Back in the early 1990’s Microkernel’s were all the rage. Everywhere you would go you’d hear all about Pink, Taligent, Windows NT, and the grand daddy of them all Mach.
Probably the most well known debate about microkernel vs monolithic kernels was the Tanenbaum vs Torvalds debate that raged on comp.os.minix back in 1992. You can read the entire thing here : ( http://www.oreilly.com/catalog/opensources/book/appa.html ). It was interesting in the sense that even Ken Thompson of UNIX fame even chipped in. Tanenbaums’s major points were that a microkernel is more inherently portable than a monolithic kernel, and that microkernels could be more reliable, and easier to maintain. Of course more than 10 years later we can see that Linux still flourishes, and that outside of Windows NT & OS X no mainstream OS relies on a microkernel. Even OS X treats mach more as a call library than a traditional microkernel, since all of the exe’s in Darwin / OS X are Mach-O format, not COFF/ELF,A.OUT, etc etc.
Mach started out as a project from CMU derived from the UNIX source code, to try to re-invent the lower levels of UNIX into something that would scale easier to multiprocessors, support for threads, and the holy grail of them all, expand it’s portability. Sadly the first few versions of Mach are barred from distribution due to their inclusion of encumbered UNIX source code. However when the university of Utah picked up Mach, and released Mach4 (UK22, info here http://www.cs.utah.edu/flux/mach4/html/Mach4-proj.html ), including full source. Also they provided Lites, a BSD server that can run atop Mach, giving the user a ‘UNIX’ system, as it were.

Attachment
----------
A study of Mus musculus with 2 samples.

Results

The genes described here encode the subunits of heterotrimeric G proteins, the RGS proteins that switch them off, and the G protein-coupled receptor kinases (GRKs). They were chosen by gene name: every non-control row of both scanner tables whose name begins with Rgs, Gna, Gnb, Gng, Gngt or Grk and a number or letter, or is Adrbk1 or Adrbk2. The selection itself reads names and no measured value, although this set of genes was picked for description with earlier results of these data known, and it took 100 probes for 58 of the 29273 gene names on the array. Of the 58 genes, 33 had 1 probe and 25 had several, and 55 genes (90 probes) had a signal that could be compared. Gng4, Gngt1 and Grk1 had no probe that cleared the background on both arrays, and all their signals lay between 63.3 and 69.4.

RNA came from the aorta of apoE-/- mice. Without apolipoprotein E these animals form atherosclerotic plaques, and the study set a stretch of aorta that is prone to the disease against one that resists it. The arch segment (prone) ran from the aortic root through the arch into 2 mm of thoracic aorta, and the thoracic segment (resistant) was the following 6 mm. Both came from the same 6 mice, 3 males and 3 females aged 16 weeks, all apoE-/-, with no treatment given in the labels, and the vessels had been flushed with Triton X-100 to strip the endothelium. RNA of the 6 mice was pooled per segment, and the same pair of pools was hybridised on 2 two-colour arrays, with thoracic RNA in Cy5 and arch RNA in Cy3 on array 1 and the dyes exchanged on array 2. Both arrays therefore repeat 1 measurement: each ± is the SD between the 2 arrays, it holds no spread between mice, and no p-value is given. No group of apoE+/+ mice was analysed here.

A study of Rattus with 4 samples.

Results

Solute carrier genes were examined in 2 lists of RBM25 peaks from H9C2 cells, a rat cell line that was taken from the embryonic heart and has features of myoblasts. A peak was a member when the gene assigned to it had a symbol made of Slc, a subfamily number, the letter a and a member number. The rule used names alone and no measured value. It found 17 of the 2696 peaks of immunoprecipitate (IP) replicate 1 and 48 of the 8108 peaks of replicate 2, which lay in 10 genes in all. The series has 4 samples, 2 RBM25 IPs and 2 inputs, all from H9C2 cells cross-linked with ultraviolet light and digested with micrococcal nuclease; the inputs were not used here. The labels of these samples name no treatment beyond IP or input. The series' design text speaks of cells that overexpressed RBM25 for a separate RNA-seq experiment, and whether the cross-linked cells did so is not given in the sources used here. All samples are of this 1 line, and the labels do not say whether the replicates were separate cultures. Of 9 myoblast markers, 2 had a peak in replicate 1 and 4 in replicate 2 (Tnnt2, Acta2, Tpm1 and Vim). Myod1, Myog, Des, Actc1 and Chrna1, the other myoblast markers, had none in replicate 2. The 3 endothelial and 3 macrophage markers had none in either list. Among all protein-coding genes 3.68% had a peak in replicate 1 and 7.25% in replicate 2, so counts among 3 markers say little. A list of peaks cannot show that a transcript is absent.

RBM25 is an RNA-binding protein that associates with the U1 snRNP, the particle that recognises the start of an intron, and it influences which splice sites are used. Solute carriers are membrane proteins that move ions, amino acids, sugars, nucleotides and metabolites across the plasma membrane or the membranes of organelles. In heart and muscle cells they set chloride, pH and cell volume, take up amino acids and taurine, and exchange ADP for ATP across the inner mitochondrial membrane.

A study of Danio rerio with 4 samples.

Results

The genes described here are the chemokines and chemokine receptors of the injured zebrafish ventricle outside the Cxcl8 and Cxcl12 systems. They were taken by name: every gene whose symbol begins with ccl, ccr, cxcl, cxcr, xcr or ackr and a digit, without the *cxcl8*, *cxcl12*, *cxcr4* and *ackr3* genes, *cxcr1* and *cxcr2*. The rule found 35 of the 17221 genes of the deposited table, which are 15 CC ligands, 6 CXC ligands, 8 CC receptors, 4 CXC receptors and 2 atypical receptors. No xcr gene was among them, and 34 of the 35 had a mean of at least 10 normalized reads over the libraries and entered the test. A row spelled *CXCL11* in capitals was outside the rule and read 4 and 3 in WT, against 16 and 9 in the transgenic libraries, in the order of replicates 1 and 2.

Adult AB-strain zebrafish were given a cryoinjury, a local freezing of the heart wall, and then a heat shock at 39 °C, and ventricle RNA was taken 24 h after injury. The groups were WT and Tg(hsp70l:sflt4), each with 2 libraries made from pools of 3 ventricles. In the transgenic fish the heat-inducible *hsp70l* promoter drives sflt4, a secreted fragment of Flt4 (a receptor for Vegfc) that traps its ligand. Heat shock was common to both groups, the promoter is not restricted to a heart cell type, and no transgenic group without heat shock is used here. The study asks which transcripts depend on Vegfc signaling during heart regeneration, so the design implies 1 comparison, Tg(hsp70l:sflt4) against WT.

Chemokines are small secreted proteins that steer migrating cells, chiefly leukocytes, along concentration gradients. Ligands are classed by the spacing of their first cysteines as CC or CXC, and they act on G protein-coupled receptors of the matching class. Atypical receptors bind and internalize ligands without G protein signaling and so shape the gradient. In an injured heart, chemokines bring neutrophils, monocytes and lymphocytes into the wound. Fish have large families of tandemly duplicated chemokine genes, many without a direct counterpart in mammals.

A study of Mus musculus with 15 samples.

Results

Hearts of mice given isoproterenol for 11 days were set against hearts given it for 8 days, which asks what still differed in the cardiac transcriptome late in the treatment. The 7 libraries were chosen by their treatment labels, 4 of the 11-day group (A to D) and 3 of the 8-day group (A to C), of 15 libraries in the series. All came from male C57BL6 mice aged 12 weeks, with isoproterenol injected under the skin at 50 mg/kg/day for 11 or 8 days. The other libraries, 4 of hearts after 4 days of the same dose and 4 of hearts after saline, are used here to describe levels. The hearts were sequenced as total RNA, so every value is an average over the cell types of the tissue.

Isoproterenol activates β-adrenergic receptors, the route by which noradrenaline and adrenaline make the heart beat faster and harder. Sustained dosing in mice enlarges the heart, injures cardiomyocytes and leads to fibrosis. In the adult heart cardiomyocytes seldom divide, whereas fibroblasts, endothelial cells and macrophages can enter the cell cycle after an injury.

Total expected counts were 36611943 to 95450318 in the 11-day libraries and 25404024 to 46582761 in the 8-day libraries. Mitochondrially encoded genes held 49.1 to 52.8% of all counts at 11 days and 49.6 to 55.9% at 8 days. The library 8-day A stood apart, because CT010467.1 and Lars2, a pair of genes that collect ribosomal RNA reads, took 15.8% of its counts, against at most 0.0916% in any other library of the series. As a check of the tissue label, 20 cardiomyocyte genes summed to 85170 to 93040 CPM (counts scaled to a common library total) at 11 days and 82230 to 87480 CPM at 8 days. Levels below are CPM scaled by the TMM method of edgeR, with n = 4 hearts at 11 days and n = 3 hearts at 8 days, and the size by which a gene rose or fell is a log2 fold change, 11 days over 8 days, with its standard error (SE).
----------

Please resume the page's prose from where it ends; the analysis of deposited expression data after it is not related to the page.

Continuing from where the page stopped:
So digging through some network groups, and testing stuff, I finally slapped together the pieces, and built a Mach/Lites system on NetBSD 1.1 . And how does it perform? It’s significantly slower than NetBSD is. You can tell that the amount of context switching involved in Mach as a program makes a call the microkernel, which in turn validates & passes it to the server, which further validates, runs the process, then sends the results back to the kernel, which then passes it back to the program. I’ve heard in a worse case scenario a 500% reduction in speed. You can always read more info on the fine wiki article here ( http://en.wikipedia.org/wiki/Mach_kernel ).
Lots of people will argue that microkernel’s have simply failed, and that it’s simply an example of what seemed like a good idea being pushed too hard once it was found to fail. It a lot of ways it reminds me of ADA.
So for now I’m going to provide a Qemu image of Lites running on Mach 4. unzipping the file will provide you with a lites.cmd file which for windows users you can just run directly. Things to note are:
-The version of Qemu that I’ve bound requires libpcap to be installed.
-Mach4 can only address 16mb of ram, due to DMA issues across the 16mb line.
-I’ve enabled user mode networking so that
-the cmd file sets up local port 23 to be redirected to the VM. This will allow you to telnet in simply by ‘telnet localhost’. You may want to use putty for better terminal handeling
-The included Gcc 2.4.5 is ancient. Outside of building a simple irc client, I wouldn’t expect much.
-The boot process is broken, and it’ll parse through the rc scripts twice. Just let it do it’s thing, and it’ll drop to a login prompt.
Other than that it behaves just like a NetBSD 1.1 machine.
Notice that grub boots the kernel /Mach.UK22 . When Mach boot’s it’ll load up the files emulator & startup. The ‘emulator’ is the Lites microkernel. Once it’s loaded it’ll start mach_init which just symlinks to /sbin/init and the normal NetBSD bootup will commence.
You can download my image directly here as MachUK22-lites-nat.zip.
Next time we’ll play with SLS Linux.